Q&A with David Vassar, ConTex director of programs

David Vassar shares his vision for U.S.-Mexico partnership and UTSA's role in its success

David Vassar shares his vision for U.S.-Mexico partnership and UTSA's role in its success.


(May 25, 2017) -- The University of Texas at San Antonio (UTSA) is proud to be the home of ConTex, the joint initiative between the UT System and Mexico's National Council of Science and Technology (CONACYT). David Vassar serves as the director of programs for ConTex.

Vassar arrived at UTSA six months ago to lead ConTex, which establishes academic and research programs that strengthen ties between Mexico and the U.S. Previously, Vassar served for nearly 10 years as international advisor and assistant to the president at Rice University.

Recently, we sat down with Vassar, who has high aspirations for the ConTex partnership and UTSA's role in supporting the program.

What attracted you to this position at ConTex?

It was the connectivity with Mexico and the ambition of ConTex. The UT System wanted to do something different. ConTex fully imagined is going to be more robust and have a bigger impact than any program of its kind in the country. The UT System dreams big, and I'm honored to be a part of that.

For instance, we recently closed our call for proposals for our collaborative $1 million research fund. We will open this opportunity up every year to scholars from Mexico and the UT System to collaborate on a research project they propose to us. The maximum award is $150,000, so we envision being able to seed large projects that will make a big impact.

What has transpired with ConTex since you arrived at UTSA?

We've focused a lot on the promotion of our programs, visiting campuses across the UT System and visiting with several campuses in Mexico. We've worked with the CONACYT office to promote our programs and share how they can help students succeed. We've launched three programs so far: doctoral fellowships, collaborative research grants and a postdoctoral fellowship program, all of which we exceeded our highest expectations in the first year.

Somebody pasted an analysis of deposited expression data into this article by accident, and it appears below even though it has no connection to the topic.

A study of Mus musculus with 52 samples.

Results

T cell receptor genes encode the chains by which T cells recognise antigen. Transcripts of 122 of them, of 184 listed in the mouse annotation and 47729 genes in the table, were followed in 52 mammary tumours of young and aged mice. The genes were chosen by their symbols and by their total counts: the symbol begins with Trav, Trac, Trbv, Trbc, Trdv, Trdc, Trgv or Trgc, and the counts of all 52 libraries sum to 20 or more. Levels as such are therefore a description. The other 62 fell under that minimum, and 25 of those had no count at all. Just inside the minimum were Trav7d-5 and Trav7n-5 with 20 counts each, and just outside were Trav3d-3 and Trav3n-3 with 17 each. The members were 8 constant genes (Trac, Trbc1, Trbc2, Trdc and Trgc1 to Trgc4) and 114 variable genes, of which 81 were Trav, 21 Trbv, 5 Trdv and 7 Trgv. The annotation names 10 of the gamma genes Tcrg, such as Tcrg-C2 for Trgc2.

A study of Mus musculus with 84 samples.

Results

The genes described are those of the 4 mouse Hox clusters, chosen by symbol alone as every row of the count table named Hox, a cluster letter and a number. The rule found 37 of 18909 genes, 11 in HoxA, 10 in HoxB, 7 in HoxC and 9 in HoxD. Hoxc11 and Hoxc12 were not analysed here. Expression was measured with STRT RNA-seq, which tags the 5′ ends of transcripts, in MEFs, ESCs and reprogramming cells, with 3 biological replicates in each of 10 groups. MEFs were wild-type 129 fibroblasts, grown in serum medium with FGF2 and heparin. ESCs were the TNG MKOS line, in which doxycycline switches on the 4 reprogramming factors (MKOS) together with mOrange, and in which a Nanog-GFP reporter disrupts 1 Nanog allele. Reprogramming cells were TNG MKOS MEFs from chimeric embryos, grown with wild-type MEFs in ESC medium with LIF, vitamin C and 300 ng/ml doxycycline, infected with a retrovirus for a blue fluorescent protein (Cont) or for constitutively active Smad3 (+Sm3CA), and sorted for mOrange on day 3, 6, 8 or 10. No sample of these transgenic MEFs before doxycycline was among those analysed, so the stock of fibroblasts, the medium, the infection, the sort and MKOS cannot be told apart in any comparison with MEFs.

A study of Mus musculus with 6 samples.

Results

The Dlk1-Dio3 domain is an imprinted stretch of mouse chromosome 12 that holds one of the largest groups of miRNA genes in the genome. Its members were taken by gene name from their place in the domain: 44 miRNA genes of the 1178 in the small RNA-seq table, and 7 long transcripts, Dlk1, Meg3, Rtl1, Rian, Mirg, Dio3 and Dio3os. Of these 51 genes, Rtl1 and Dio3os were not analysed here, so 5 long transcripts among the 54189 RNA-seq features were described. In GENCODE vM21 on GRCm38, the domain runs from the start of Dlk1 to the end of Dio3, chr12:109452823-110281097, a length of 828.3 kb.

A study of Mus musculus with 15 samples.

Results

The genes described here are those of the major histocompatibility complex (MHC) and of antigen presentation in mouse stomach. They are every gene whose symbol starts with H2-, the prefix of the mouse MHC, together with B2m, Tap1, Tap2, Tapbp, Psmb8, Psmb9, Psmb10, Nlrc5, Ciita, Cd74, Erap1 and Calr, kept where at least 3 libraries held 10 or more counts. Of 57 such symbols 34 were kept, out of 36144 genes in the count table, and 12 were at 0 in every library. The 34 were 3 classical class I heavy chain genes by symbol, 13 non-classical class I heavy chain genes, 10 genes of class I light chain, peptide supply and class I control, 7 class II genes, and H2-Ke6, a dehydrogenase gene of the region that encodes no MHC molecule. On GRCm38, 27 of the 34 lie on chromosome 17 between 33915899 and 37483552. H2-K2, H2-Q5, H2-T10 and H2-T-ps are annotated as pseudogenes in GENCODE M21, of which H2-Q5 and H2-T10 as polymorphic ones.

Now we are in the evaluation process. Our office has reviewed proposals, making sure applicants meet all the requirements. Now, Mexico and U.S. scholars will review the proposals.

We also just held a groundbreaking meeting at UTSA. We hosted the directors of the CONACYT research center network for a scientific roundtable with the heads of some of the top research centers in Mexico. This meeting marked the first time the research directors held their annual meeting outside of Mexico. They came to San Antonio to learn about the research profiles of the UT System institutions, and were able to get to know the UTSA campus while they were here.

The Scientific Roundtable event was a key step in developing the binational network that is at the heart of the mission of ConTex and the purpose of the agreement between CONACYT and the UT System. More than 100 scientists and scholars participated and were clearly energized by this unique meeting.

Describe the relationship between ConTex and UTSA.

ConTex wouldn't exist without UTSA. We're not only housed here, but we also work with partners across the university to support our mission. Whatever support we need, UTSA has been there every time. It's a mutually beneficial relationship, and we are integrated with UTSA in meaningful ways. UTSA is a fabulous host and I'm thrilled to be working here.

Why is this relationship with the UT System and Mexico important?

The scientific communities in Mexico and Texas face a lot of the same issues – health, climate change, water, migration, education. By pooling our resources and knowledge together, we can come up with better solutions.

What is your impression of UTSA?

If you look across Texas, it's one of the places that has a future that's boundless. It's exciting to be at a campus like that. UTSA has already had a lot of successes but remains ambitious and strives to build on that excellence.

Tell us your vision for ConTex.

I'd like to help ConTex become an important and well-established feature of the higher education landscape between the U.S and Mexico. We have every opportunity to achieve that. I want us to be an integral part of the UT System and its relationship with Mexico. We'd love to serve as a hub of activity for our programs. I hope we can establish ConTex as the point of reference for other programs in Texas to help them reach their academic pursuits.

I can't stress enough how distinctive UT System's ambitions are for this center. These ambitions attracted not just me but, more importantly, Dr. Zenteno, our executive director, to the program. What the System envisions is really something we can all be proud of.

How do you feel about moving from Houston to San Antonio?

I love San Antonio. I'd been here quite a few times before on business and vacation. It's been fun to get to know the city on a personal level. It's possibly the most culturally distinctive city in Texas, which appealed to me. I've studied Spanish and Latin America since high school and I have a doctorate in Latin American literature, so to be in a place that embraces Mexican culture and Latin American culture as whole heartedly as San Antonio does is really exciting.

In your spare time, what do you do for fun?

I like to run. I ran my first marathon last November. I enjoy watching baseball, soccer and football. I also love hanging out with my wife and three children.